The perioperative surgical home: What’s in a name?

american society of anesthesiologistsA guest column by the American Society of Anesthesiologists, exclusive to

Our institution, like countless others across the country, has been working to institute processes to achieve the “triple aim” of improving the quality of health care, increasing patient satisfaction, and reducing the cost of providing that care.

As chair of my anesthesiology department, a number of our faculty were intrigued by the perioperative surgical home (PSH) concept — a surgical process in which patient-centered, physician-led, team-based coordinated care spans the entire surgical experience, from the decision to have surgery to discharge and beyond — spearheaded by the American Society of Anesthesiologists.  Utilizing the PSH model to consistently apply evidence-based best practices in the perioperative period shows promise in achieving the “triple aim” in the perioperative continuum of care.

However, as we engaged our surgical colleagues, as well as our C-suite administrative leaders to implement these processes at our institution, we found that considerable energy and time was being expended in defining who “owned” the process.  Was this an anesthesiology-driven process?  Was it surgery-driven, more frequently referred to as enhanced recovery after surgery (ERAS)?  Was it both?  Was it neither?

These conversations were an important initial step as we embarked upon this venture, and they were largely collegial and productive.  Although the commitment to substantially improve the delivery of surgical care was there, it seemed that we were having difficulty getting out of the starting gate, stuck in neutral determining which department would drive the process.

As I was reflecting on these challenges, it occurred to me that we needed to define it as an institutional, rather than departmental initiative. To that end, we arrived at a name for our PSH model: Optimal Surgical Utilization with Minimal Complications and Cancellations (OSUWMC2).  Not coincidentally, its new moniker bore a remarkable resemblance to our beloved medical center’s name: Ohio State University Wexner Medical Center (OSUWMC).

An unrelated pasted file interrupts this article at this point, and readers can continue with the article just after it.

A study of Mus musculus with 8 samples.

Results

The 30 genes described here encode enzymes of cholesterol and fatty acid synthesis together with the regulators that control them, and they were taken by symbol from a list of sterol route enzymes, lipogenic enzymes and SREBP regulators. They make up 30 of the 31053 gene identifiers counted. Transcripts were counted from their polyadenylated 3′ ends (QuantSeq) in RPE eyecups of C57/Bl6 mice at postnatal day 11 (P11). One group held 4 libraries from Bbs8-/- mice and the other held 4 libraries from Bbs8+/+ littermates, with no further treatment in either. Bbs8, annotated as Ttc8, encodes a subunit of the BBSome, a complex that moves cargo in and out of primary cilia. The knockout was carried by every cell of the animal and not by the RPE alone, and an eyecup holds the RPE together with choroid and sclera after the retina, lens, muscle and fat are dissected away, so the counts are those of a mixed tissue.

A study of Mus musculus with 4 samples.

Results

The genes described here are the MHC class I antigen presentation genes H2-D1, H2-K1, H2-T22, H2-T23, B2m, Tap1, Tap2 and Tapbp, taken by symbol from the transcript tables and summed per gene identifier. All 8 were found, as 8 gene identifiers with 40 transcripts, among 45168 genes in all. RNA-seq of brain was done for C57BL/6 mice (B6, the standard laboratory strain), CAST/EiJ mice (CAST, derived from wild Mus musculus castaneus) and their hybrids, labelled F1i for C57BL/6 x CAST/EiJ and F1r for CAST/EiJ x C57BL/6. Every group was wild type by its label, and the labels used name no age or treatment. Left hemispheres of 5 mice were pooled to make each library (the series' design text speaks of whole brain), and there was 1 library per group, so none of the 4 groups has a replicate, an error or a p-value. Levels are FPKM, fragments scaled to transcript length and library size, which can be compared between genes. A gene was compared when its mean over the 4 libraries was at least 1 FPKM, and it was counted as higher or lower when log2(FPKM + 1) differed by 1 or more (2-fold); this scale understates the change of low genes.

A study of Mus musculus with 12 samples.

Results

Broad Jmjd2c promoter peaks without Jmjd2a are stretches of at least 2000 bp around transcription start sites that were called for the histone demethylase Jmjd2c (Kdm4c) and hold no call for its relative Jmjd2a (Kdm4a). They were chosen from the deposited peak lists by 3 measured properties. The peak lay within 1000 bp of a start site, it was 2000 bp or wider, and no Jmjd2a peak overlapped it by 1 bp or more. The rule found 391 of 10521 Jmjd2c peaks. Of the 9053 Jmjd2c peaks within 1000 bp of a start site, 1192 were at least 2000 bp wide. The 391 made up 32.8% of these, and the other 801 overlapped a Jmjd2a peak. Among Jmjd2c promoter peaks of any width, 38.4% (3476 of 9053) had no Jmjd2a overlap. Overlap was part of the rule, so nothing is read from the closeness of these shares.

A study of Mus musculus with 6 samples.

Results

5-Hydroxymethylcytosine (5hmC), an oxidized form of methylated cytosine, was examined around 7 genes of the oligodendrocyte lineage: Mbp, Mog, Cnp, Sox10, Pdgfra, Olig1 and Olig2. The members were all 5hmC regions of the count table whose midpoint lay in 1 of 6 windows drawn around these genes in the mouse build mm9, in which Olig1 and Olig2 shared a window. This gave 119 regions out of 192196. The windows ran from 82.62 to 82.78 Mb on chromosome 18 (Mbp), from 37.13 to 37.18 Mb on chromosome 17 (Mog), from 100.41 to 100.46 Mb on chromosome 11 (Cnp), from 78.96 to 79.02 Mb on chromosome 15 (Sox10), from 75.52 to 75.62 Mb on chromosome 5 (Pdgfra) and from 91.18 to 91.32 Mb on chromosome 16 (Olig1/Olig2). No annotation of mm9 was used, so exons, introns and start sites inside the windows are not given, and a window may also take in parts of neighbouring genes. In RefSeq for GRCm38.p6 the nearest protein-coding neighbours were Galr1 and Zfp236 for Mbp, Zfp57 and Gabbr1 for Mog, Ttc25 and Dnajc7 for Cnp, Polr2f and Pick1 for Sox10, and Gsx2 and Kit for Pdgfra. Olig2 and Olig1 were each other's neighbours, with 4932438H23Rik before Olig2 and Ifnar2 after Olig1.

Although seemingly a simple and superficial act, creating a name that clearly reflected the breadth of the initiative helped crystallize the process for all of us. Our newly named process was clearly one that belonged to all stakeholders in perioperative care: surgeons, physician anesthesiologists, administration, nursing, pharmacy, IT and others readily jumped on board.  We recently started enrolling our initial patients in our OSUWMC2 initiative, and we are optimistic that we are on target to hit the “triple aim.”

I am aware that there are a number of institutions that have successfully implemented this process under the PSH name; others have achieved success calling it an ERAS process.  I wouldn’t begin to suggest that such institutions rename their process to something that doesn’t incorporate PSH or ERAS.

However, I am aware that there are other medical centers challenged in moving forward, in part due to similar challenges we experienced over the question of departmental ownership. If you find yourself in this latter cohort, I urge you to have your next step entail crafting a name that clearly reflects the multidisciplinary nature that is essential to the success of this process.

No matter what the name, the PSH model can help all of us in health care reach our common goal.

Ronald L. Harter is an anesthesiologist.